Europe Drops Into Monetary Madness…(US too! Welcome!!)
Perhaps it’s crisis fatigue, but monetary policy in Europe seems to have descended into madness.
By Jeremy Warner
07 Jul 2011
With much of the eurozone (inflation rate 2.7pc) flirting with insolvency, the economy visibly slowing and money growth barely positive at all, Jean-Claude Trichet and the rest of the European Central Bank governing council think the time is right for another hike in interest rates.
Meanwhile, in Britain (inflation rate 4.5pc and rising), the Bank of England is sticking rigidly to the idea that the spike in prices is temporary and that the current zero interest rate policy should therefore be maintained.
Should it not be the other way around? A visitor from Mars would make Sir Mervyn King and Jean-Claude Trichet swap jobs, and then we might see sense prevail in both economic jurisdictions.
With the ECB, it will be recalled, current events almost exactly mirror what happened three years ago when, with commodity prices spiking in the last hurrah of the boom, the ECB saw fit to implement its “strong vigilance” and increase interest rates. Personally, I don’t buy the view that this ill-judged tightening precipitated the Lehman Brothers collapse, but it certainly didn’t help. It was just the wrong moment to be raising interest rates. Within a few months, the ECB found itself desperately cutting them again.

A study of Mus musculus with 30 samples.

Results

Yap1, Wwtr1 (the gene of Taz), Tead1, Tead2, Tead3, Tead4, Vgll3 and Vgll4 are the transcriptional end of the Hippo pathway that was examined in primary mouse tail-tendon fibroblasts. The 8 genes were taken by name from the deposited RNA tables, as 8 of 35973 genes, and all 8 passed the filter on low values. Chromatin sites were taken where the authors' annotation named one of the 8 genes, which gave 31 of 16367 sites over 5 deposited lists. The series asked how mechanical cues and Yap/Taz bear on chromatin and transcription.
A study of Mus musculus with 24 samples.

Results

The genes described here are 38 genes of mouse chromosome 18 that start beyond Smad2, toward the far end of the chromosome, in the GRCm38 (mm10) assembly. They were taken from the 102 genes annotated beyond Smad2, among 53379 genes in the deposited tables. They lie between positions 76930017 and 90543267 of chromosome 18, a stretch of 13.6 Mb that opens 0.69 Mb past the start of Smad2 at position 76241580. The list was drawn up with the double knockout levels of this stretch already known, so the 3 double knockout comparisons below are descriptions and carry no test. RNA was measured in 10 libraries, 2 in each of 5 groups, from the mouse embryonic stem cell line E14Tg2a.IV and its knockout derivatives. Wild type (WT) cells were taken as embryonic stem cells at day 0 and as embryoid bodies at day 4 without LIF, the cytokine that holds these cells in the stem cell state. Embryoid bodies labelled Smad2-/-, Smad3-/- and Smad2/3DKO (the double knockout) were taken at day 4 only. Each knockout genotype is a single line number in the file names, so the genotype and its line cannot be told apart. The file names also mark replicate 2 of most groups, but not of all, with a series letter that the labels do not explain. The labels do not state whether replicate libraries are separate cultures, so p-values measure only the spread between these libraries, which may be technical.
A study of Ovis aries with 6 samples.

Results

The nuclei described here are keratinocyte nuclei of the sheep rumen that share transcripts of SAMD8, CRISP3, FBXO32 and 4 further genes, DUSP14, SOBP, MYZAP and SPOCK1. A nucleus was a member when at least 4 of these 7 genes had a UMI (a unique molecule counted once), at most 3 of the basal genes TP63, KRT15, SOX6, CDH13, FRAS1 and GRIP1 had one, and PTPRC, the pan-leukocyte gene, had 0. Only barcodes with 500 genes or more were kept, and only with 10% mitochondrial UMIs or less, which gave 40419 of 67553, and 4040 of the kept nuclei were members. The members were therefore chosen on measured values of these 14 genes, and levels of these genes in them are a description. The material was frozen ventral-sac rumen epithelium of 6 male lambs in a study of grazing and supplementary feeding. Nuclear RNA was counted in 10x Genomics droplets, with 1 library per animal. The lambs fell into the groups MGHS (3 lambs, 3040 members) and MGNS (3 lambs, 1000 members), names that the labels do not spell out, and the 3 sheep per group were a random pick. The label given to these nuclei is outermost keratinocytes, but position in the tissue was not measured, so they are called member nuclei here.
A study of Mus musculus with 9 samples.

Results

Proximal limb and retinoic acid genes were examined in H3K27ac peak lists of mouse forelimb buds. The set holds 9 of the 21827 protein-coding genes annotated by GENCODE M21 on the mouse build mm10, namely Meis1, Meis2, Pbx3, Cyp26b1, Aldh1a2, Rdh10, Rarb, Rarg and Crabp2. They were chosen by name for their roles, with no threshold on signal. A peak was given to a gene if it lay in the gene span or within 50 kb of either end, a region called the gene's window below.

Now history seems to be repeating itself. Substitute Greece, Ireland and Portugal for Lehman’s, AIG and Merrill Lynch, and you have an almost perfect replay of events back then, only this time it’s happening in the ECB’s own back yard and it is whole countries, not just banks, which are threatening to go under.